King David penned Psalm 131 as a reflection of his humility before God. Although David was anointed and exalted to the throne over Israel, he reaches a place in which his heart is not proud – rather, he is calmed and quieted in a contentment which is from the Lord…
1 My heart is not proud, Lord,
my eyes are not haughty;
I do not concern myself with great matters
or things too wonderful for me.
2 But I have calmed and quieted myself,
I am like a weaned child with its mother;
like a weaned child I am content.
3 Israel, put your hope in the Lord
both now and forevermore.
Humility before God and other people is precious and increasingly rare. Selfie culture and self-importance has been bred into us. This is King David. This is the man after God’s own heart. This is the one whom God anointed to be King over King Saul.
In other words, there is considerable reason for David to be proud and his life was concerned with great matters. Yet he has calmed, quieted, and is content.
That sounds like a pretty good definition for humility: calmed, quieted, and content.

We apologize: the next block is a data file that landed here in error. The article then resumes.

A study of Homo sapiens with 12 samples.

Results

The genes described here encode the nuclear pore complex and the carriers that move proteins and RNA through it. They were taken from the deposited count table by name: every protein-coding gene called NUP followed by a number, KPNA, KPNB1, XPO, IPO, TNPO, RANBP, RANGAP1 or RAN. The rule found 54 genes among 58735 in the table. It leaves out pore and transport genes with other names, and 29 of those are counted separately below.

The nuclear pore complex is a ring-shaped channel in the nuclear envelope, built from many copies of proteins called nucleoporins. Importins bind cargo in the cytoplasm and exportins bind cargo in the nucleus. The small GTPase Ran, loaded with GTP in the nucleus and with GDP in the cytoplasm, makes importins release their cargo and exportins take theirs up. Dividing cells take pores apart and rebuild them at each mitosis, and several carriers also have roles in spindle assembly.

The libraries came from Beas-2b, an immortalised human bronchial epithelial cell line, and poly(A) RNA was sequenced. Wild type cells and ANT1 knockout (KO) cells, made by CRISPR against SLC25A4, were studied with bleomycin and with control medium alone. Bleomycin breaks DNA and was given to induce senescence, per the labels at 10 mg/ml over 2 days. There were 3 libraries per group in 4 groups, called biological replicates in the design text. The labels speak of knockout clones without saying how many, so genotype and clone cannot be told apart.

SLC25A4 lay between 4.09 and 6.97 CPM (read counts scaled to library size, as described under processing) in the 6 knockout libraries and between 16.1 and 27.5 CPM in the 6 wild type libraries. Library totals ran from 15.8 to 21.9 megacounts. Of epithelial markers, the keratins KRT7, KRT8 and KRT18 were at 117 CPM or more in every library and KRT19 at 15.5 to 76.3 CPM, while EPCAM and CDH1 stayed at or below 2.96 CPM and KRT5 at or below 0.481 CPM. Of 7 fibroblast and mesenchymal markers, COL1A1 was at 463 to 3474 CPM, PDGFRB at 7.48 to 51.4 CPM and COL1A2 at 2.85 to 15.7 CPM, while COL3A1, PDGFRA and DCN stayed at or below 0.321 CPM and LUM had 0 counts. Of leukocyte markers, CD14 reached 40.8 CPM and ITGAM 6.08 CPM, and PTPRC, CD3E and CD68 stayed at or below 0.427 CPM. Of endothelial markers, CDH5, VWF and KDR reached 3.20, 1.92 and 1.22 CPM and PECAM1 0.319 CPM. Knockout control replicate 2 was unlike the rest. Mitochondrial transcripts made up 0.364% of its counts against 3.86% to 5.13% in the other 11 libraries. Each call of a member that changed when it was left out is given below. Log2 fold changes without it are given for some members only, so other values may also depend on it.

In Philippians 2, Paul outlines the humility of Jesus and challenges us to be like him – not looking for our own gain over others; rather, valuing them above ourselves.
Humility is a state of being calmed through experience and wisdom – the very things which give reason for pride can be harnessed to help us settle into calm. When we are content with who we are and what we have, we no longer have the driven need to place ambition over love for others. And we express our humility in a quietness in which we live out James’ advice to be quick to listen and slow to speak (James 1:19).
Will we put our hope in God like David encourages us to do? Will we find the same virtues in relationship with our Lord?